Is the stop sign held by the lollipop lady (or man) a Stop Sign, can you lose points off of your license?

 

 

Road Rules 2014

Did you know that in NSW there are separate road rules regarding school crossings?  There are different designated stop signs (which is why the lollipop ladies sign looks different) and different rules.  The two images to the left are the two stop signs designated by the legislation.

So what do you have to do at a school crossing?  Well, that begs the question, what is a school crossing?

 

 

Children's Crossing

In the legisltaion the rules talk about a 'children's crossing'.  Rule 80(6) tells us that:

(6)  A children’s crossing is an area of a road:

(a)  at a place with stop lines marked on the road, and:

(i)  children crossing flags, or

(ii)  children’s crossing signs and twin yellow lights, and

(b)  indicated by:

(i)  2 red and white posts erected on each side of the road, or

(ii)  2 parallel continuous or broken lines on the road surface from one side of the road completely or partly across the road, and

(c)  extending across the road between the posts or lines.

What does all that mean?

 

 

 

 

So, what is a children's crossing?

One example of a children's crossing is given in the image above, which is taken from the Road Rules.  The driver is stopped at stop line for pedestrians on a children’s crossing with children crossing flags.  The crossing is a children's crossing because it has the stop lines and the correct flags, and the driver has to stop because there are people physically on the crossing.  If no one was on the crossing, then the driver would not have to stop.

This would also be a crossing if it had permanent children's crossing signs and flashing twin yellow lights.  There are many different combinations that can be made from the legislation, not all can be covered here.

 

 

What do I have to do at a children's crossing

A driver approaching a children’s crossing must drive at a speed at which the driver can, if necessary, stop safely before the crossing, so slow down.

A driver approaching or at a children’s crossing must stop as near as practicable to, but before reaching, the stop line at the crossing if a hand-held stop sign is displayed at the crossing.  Remember the question at the beginning of the article?  The answer is yes, the Road Rules provide that that sign held by the lollipop man (or lady) is indeed a stop sign.  We have re-produced the stop signs again to the right of this paragraph for clarity.

Even if there is no stop sign being held by a lollipop lady (or man) the driver needs to stop if a pedestrian is on or entering the crossing. 

 

 

Can the lollipop person direct traffic?

In short, yes.  If a driver stops at a children’s crossing for a hand-held stop sign, (that is the lollipop ladies sign), the driver must not proceed until there is no pedestrian on or entering the crossing and the holder of the sign no longer displays the sign towards the driver, or otherwise indicates that the driver may proceed.  So yes, the lollipop person can direct traffic, this is why not just anyone can be a lollipop person.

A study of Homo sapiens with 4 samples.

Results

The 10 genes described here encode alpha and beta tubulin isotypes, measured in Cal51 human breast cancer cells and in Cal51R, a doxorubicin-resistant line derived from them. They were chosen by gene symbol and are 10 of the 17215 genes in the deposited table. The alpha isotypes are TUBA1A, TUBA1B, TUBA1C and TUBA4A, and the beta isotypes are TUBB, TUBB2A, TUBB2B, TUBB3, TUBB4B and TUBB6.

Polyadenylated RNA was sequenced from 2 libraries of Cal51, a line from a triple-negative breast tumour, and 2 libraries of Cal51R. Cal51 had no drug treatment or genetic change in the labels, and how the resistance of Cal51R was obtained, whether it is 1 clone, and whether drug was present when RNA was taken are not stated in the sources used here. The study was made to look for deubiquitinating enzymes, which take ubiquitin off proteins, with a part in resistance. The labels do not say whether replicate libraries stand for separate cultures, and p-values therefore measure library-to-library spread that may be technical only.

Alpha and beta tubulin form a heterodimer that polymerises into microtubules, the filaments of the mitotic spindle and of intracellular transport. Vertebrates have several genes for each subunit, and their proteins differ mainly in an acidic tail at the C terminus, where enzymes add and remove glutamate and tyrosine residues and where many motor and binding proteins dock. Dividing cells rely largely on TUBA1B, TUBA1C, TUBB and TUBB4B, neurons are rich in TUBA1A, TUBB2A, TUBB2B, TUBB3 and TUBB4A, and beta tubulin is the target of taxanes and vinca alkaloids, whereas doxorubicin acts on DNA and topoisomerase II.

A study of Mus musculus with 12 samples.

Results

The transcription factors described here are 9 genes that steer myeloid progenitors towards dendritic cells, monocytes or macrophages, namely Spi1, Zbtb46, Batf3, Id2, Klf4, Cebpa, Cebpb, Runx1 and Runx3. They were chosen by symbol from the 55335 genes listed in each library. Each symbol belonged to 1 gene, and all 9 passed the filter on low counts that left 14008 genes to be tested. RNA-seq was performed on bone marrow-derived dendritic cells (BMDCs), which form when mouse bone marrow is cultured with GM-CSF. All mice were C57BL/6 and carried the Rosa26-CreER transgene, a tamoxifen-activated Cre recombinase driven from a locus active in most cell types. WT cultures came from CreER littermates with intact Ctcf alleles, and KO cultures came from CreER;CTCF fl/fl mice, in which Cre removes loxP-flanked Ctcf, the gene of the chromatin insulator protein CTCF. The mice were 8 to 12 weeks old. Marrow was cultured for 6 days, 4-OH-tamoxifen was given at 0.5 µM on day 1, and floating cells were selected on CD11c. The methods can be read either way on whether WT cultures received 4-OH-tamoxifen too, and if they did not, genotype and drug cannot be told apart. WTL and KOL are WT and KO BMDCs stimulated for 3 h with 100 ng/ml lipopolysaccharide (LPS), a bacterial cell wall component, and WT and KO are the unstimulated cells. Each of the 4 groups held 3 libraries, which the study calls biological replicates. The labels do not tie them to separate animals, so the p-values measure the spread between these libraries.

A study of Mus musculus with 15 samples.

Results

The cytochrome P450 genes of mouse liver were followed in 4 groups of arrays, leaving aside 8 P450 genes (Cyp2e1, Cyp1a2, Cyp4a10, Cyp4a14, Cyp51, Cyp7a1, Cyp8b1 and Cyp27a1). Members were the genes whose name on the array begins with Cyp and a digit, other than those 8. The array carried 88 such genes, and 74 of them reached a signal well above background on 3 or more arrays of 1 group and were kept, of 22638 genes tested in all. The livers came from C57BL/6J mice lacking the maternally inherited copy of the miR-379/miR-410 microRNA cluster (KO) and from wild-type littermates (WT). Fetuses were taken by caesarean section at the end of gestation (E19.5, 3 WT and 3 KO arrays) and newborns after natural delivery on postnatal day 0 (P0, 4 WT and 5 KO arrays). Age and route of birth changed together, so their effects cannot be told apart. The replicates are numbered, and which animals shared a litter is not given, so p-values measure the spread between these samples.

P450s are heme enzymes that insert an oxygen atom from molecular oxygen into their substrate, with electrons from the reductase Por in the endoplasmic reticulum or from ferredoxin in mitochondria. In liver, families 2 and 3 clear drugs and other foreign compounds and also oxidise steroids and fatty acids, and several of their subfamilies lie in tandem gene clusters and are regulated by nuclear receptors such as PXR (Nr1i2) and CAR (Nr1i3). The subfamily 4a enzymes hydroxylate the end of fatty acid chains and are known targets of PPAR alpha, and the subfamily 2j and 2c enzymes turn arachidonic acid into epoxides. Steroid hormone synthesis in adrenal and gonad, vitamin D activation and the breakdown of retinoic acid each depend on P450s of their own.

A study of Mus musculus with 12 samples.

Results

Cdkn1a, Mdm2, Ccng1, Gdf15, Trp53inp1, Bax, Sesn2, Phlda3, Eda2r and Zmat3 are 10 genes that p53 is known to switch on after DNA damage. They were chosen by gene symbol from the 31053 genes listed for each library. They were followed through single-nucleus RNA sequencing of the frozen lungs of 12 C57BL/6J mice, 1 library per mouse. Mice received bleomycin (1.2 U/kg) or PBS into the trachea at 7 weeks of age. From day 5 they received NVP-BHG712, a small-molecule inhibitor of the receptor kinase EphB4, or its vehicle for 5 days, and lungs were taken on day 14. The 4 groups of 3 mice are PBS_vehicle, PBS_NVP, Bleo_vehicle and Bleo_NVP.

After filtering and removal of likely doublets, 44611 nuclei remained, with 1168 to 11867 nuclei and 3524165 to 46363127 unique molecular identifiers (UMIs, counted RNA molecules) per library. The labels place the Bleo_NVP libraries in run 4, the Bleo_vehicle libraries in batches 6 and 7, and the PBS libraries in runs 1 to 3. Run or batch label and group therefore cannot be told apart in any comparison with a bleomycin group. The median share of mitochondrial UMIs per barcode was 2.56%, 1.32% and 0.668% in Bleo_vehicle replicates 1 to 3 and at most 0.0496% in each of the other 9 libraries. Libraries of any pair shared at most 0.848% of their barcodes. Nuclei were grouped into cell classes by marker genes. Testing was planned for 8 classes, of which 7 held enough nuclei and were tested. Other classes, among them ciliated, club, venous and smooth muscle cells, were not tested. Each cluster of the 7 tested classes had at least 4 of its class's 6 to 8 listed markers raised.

What is the penalty?

If you violate one of these rules in a children's crossing that is not in a school zone, then the fine is $439 and 3 demerit points.  It may be outside of a school zone either by geography, or because it is not the correct time of the day.  So, in the middle of the day if there is a pedestrian on a children's crossing and you don't stop then this would be the fine.

If you violate these rules in a school zone then it is $549 and 4 points.

 

Don't forget that failing to give way to a pedestrian also attracts penalties, depending on the situation the penalty starts at $330 and 3 points, which means if there is any issue (an incident, a crash, an injury) the Police will start from the assumption that you are at fault and not the pedestrian.  This could result in far more serious charges and loss of licence.  So if there is a pedestrian on the road then you need to give way regardless of whether it is a children's crossing.  

 

Bruce Coode

What should I do?

If you have received a fine or penalty notice for something to do with a school zone or children's crossing then you should come and speak with Bruce Coode.  Bring all your paperwork with you.  If there is nothing that can be done then the first half hour appointment is free.  If he can help you then he will be able to indicate how much that would cost.  Bruce is often seen by clients who are about to lose the last few points on their licence and in the process of taking instructions it becomes clear that they should have challenged an earlier ticket.  Don't wait until it is too late.

 

 

More Information?

If you would like some more information on driving and the law, then click on the button to the right to read some more of our articles on that topic.